Borat actor ‘introduced a false and fraudulent device supposedly invented by the Israeli Army to detect pedophiles…’
(AFP) Former Alabama Senate candidate Roy Moore is suing British comedian Sacha Baron Cohen for defamation after being pranked on his new show “Who Is America?”
The ex-judge is seeking $95 million in damages from the satirist and from the Showtime and CBS networks, which broadcast an episode featuring him on July 29, according to a copy of the complaint which was filed in a federal court in Washington.
Moore said he was duped into coming to the capital in February under false pretenses, to appear on what he thought was an Israeli television station that wanted to give him an award for his pro-Israel stances.
He was interviewed by a person he believed to be an Israeli anti-terrorism expert, Colonel Erran Morad, but who was in reality Cohen.
“Defendant Cohen’s character falsely and fraudulently introduced a false and fraudulent ‘device’ supposedly invented by the Israeli Army to detect pedophiles,” the complaint said.
“During the segment, Defendant Cohen’s ‘device’—as part of the false and fraudulent routine—purports to detect Judge Moore as a sex offender, thus defaming him.”
During Moore’s Senate run last year, several women came forward to accuse Moore of having sexually assaulted or harassed them when he was a state attorney in his 30s and they were in their teens.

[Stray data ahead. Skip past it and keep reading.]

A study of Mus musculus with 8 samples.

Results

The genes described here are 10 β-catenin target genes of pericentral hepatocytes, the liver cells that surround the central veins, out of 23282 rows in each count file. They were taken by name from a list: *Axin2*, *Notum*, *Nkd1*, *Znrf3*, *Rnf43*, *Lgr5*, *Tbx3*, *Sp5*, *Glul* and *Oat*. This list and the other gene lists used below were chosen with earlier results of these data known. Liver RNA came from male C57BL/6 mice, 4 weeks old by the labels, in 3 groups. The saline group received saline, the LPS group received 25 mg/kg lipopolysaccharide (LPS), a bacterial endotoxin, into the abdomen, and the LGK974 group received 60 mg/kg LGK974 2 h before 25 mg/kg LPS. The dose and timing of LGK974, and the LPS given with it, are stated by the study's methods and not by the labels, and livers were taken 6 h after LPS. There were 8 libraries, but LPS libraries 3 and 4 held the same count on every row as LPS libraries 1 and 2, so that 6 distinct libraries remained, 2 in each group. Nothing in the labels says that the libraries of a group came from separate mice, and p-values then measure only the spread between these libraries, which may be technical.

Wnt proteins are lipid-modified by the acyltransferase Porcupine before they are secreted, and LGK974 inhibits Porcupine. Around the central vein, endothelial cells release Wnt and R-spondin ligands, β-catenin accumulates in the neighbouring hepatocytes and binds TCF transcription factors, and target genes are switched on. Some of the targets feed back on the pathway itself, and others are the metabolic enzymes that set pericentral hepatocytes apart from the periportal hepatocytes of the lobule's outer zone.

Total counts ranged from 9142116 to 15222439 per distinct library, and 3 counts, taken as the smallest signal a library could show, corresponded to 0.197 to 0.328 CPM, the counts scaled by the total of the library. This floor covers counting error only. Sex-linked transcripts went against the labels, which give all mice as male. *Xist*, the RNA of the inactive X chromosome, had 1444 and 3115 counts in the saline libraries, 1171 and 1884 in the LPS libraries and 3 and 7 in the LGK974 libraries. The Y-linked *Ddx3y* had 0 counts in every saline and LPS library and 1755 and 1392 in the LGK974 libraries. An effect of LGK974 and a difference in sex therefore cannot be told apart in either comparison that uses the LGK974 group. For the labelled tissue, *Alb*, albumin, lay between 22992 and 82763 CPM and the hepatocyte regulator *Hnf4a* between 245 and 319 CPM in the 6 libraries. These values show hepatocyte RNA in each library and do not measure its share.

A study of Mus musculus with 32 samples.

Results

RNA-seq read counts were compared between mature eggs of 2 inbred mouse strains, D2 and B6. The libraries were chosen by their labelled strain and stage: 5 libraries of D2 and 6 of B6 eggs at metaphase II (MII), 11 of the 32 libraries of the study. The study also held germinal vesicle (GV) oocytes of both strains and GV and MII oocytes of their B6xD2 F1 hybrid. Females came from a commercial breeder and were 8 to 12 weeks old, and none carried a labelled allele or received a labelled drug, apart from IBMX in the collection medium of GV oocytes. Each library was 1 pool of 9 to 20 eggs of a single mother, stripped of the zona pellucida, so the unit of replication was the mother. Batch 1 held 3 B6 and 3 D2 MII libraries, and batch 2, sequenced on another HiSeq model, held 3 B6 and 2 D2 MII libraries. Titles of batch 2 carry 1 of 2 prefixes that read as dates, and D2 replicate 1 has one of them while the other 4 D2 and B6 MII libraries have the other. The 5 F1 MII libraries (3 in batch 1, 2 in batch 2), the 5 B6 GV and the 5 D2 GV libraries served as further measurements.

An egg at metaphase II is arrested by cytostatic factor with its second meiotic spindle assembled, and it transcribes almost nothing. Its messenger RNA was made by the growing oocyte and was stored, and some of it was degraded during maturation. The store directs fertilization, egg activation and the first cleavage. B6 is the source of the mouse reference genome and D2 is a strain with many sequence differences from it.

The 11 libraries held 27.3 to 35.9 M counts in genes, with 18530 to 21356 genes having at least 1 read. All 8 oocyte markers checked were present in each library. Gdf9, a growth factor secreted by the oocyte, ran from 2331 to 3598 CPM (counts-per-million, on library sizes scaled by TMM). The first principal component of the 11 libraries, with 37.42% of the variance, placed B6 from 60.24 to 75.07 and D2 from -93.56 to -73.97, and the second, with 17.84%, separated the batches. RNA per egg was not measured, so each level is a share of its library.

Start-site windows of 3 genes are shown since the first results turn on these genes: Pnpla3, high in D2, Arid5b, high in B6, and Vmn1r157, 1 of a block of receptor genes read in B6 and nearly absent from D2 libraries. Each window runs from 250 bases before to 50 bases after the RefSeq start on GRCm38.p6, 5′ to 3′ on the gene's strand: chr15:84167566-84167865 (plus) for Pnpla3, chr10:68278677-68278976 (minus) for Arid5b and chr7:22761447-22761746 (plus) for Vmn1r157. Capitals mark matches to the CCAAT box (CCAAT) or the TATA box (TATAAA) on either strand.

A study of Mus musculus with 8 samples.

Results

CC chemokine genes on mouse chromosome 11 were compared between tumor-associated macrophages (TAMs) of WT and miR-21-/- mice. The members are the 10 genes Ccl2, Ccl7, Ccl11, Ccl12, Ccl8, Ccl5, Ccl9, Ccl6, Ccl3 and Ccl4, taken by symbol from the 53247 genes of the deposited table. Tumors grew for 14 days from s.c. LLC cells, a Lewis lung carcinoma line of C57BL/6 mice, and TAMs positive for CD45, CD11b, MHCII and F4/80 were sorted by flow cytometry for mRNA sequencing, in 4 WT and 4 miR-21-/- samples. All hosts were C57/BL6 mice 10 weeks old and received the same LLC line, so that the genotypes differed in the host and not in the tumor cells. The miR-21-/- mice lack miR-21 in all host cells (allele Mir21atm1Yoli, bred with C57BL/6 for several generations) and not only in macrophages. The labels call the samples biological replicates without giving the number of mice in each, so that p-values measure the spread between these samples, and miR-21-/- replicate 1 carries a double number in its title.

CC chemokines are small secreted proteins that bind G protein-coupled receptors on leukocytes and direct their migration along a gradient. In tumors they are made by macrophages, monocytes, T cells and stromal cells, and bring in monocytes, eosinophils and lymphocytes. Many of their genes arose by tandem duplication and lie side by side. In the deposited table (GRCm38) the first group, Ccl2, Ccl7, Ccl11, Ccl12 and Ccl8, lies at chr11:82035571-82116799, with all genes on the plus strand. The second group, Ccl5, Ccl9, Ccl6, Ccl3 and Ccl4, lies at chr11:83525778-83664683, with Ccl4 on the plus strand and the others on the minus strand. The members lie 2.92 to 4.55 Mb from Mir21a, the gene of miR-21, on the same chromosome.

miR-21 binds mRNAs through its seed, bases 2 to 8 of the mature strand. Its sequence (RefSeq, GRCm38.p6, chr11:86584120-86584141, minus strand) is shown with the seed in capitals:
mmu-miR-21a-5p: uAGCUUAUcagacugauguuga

Although President Donald Trump initially backed Luther Strange, whom he had appointed to fill the seat of Attorney General Jeff Sessions, he eventually endorsed Moore as being preferable to Democrat Doug Jones despite the allegations.
Moore lost the race, nonetheless, likely in part due to concerns about the lurid accusations, as well as an influx of out-of-state dollars that Jones received from left-wing organizations eager to quell Trump’s momentum and whittle away at a GOP majority in the Senate.
Moore said he, his wife and their entire family had suffered “severe emotional distress and pain” as a result of the defamatory statements, “especially given his status as a prominent conservative and God fearing person of faith.”
Although Baron Cohen’s show drew smaller-than-expected audiences, relying on word-of-mouth for marketing, it garnered considerable media attention from the mostly conservative political figures who were tricked into playing along.
Former vice presidential candidate and Alaska Gov. Sarah Palin criticized Baron Cohen for impersonating a military veteran in a segment in which she participated.
Two weeks later, Georgia state Rep. Jason Spencer resigned from office after a segment aired featuring the Col. Morad character, who persuaded Spencer to shout racial slurs and drop his pants under the pretense of that they were filming a counterterrorism video.